Hours after Boris Johnson won the ballot to become Britain’s next Prime Minister, President Donald Trump told a crowd in Washington that ‘BoJo’ will be the UK’s version of himself.
“Good man. He’s tough and he’s smart. They’re saying ‘Britain Trump’. They call him ‘Britain Trump’ and there’s people saying that’s a good thing,” Mr Trump told the crowd.
“They like me over there. That’s what they wanted. That’s what they need. He’ll get it done. Boris is good. He’s going to do a good job.”
The flamboyant figure with unruly hair and a penchant of populism has always wanted to lead. As a child his ambition was to be ‘world king’.
Depending on who you ask, he’s a beloved buffoon or completely incompetent.
On paper, Mr Johnson always looked like a conservative leader in the making.
He’s the poshest of the posh. Born into an elite family, with ties to British aristocracy and King George II, Mr Johnson was not always as boisterous.
During his childhood, Alexander Boris de Pfeffel Johnson went by Al and suffered from deafness as a result of glue ear – a condition where the ear fills with liquid. He later joked this helped him avoid dull conversations.
It was when Al attended the prestigious Eton college that he became ‘Boris’.
The young Mr Johsnon was bullied because of his Turkish heritage so changed his persona to be more English, more flamboyant and less meek.
He adopted the Boris name and infuriated teachers with his cavalier attitude.
Mr Johnson speaks Greek, French and Italian and was president of the Oxford Union when he studied at the prestigious university.
But off paper his career has been littered with scandals.
As a reporter, he made up a quote. As Tory vice-chair, he lied about having an affair, and as a parliamentarian he once appealed to constituents by telling them voting “Tory will cause your wife to have bigger breasts”.
Since his stint as mayor of London (2008 to 2016) and as foreign secretary, his look has been described as “shambolic” and “clownish”. His shirts are “spilling out” and his jackets are “rumpled”.
Anthony Reed of Watson Consultants, who was the mastermind behind both Kerryn Phelps victory in the Wentworth by-election and Zali Steggall’s win over Tony Abbott in the federal election, said Mr Johnson has been shrewd in cultivating his buffoon image.
“He’s cultivated an image of not being scripted, which is meant to be authentic,” Mr Reed said.
“People are cynical about politicians being scripted. It’s obviously been some success because he’s one of the most popular politicians in Britain.
“It’s been quite a success for Trump, to be unconventional. But he’s doing it in a British way, as opposed to an American way.”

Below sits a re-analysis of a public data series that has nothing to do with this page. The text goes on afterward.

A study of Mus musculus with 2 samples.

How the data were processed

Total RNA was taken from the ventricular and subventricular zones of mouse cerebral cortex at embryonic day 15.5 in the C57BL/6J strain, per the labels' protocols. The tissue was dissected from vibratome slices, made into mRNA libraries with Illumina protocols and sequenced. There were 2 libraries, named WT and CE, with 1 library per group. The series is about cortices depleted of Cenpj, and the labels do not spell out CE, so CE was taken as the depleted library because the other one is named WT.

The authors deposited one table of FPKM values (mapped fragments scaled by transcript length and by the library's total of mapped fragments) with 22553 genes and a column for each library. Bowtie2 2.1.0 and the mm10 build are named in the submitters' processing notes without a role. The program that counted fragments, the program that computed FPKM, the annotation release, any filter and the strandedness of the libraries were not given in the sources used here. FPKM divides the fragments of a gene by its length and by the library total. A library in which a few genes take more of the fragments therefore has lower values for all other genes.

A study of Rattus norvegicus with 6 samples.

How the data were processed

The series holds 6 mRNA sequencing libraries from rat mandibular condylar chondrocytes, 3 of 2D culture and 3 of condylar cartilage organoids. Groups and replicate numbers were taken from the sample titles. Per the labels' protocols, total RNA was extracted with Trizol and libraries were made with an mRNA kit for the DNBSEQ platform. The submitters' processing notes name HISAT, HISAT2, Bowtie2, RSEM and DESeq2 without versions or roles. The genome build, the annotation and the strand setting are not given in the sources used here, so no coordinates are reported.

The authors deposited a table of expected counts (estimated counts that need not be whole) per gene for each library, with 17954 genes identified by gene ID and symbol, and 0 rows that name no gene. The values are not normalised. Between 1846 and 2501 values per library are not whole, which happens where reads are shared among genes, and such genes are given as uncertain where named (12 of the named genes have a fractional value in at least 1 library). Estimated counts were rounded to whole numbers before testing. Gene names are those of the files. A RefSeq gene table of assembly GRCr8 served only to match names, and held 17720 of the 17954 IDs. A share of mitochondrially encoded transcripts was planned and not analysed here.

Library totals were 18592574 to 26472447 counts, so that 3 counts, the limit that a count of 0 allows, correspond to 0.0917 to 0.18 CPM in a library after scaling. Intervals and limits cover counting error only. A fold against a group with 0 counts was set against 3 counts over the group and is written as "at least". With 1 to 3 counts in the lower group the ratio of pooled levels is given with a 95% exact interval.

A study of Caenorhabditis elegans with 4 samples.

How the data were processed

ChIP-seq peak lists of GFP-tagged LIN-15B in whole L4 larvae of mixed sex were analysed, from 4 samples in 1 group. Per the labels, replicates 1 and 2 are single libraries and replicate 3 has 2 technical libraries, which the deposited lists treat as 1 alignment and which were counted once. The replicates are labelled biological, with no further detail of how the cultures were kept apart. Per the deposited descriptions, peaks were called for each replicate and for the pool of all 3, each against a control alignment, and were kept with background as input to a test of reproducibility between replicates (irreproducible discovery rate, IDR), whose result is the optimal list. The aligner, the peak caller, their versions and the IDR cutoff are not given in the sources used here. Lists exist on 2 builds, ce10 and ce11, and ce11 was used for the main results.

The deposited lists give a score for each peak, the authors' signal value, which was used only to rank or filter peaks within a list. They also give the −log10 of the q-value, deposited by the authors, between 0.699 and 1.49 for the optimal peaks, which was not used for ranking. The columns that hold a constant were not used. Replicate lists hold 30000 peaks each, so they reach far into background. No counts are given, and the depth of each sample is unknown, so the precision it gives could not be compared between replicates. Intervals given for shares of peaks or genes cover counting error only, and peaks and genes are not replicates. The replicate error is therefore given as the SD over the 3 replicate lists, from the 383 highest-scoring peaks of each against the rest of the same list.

Both have bright blond hair and bill themselves as anti-establishment, and they’ve also used similar rhetoric around minorities.
President Trump recently told a group of black, Hispanic and Muslim congresswomen to “go back” from where they came.
Mr Johnson has said Muslim women wearing the niqab look like letter boxes and he labelled Africans as “piccaninnies” with “watermelon smiles” – a racial slur referring to dark-skinned children.
While they share a similar delivery and have the same hair colour, Mr Johnson is far from a ‘British Trump’, said Dr Benjamin Moffitt of Australian Catholic University.
“The comparison only works so far. Trump has this new-money upbringing, he’s appeared on wrestling, he likes fast food. He doesn’t want to be associated with the elite,” Dr Moffitt said.
“Boris is a true product of the elite. He is truly of the old-school English upper class. I think he’s more of a seasoned politician.
“(With the EU) he has an outward enemy and the Brussels establishment to set himself against, whereas Trump, he’s outwardly racist, there’s no which way around it.”
His legacy on the world stage depends on if he makes it through the next three months, said Dr Tony Walker of La Trobe University.
“I think what we’re in for is a period of considerable uncertainty,” he said.
“It’s not clear if he’ll be able to pull off getting Britain out of Europe by October 31. He has a wafer-thin majority of just two. There’s a lot of agitation within his party where a lot of people dislike him.”
But Mr Johnson as leader might be a good thing for Australia, he argues.
Mr Johnson spent a gap year in 1983 working at Timbertop, the campsite for the ultra-exclusive Geelong Grammar, and getting a taste for Victoria Bitter.
“I can tell you categorically that it was my experience at Timbertop that made me the man I am today,” Mr Johnson said a few years ago when he was Mayor of London.
“I have a deep and abiding love for Australia.”
If he achieves his objective and breaks from the EU, Mr Johnson would be looking to secure a new trade deal with Australia as a top priority, Dr Walker said.
“It might mean we have a closer relationship, but all this depends on if he survives the next three months,” he said.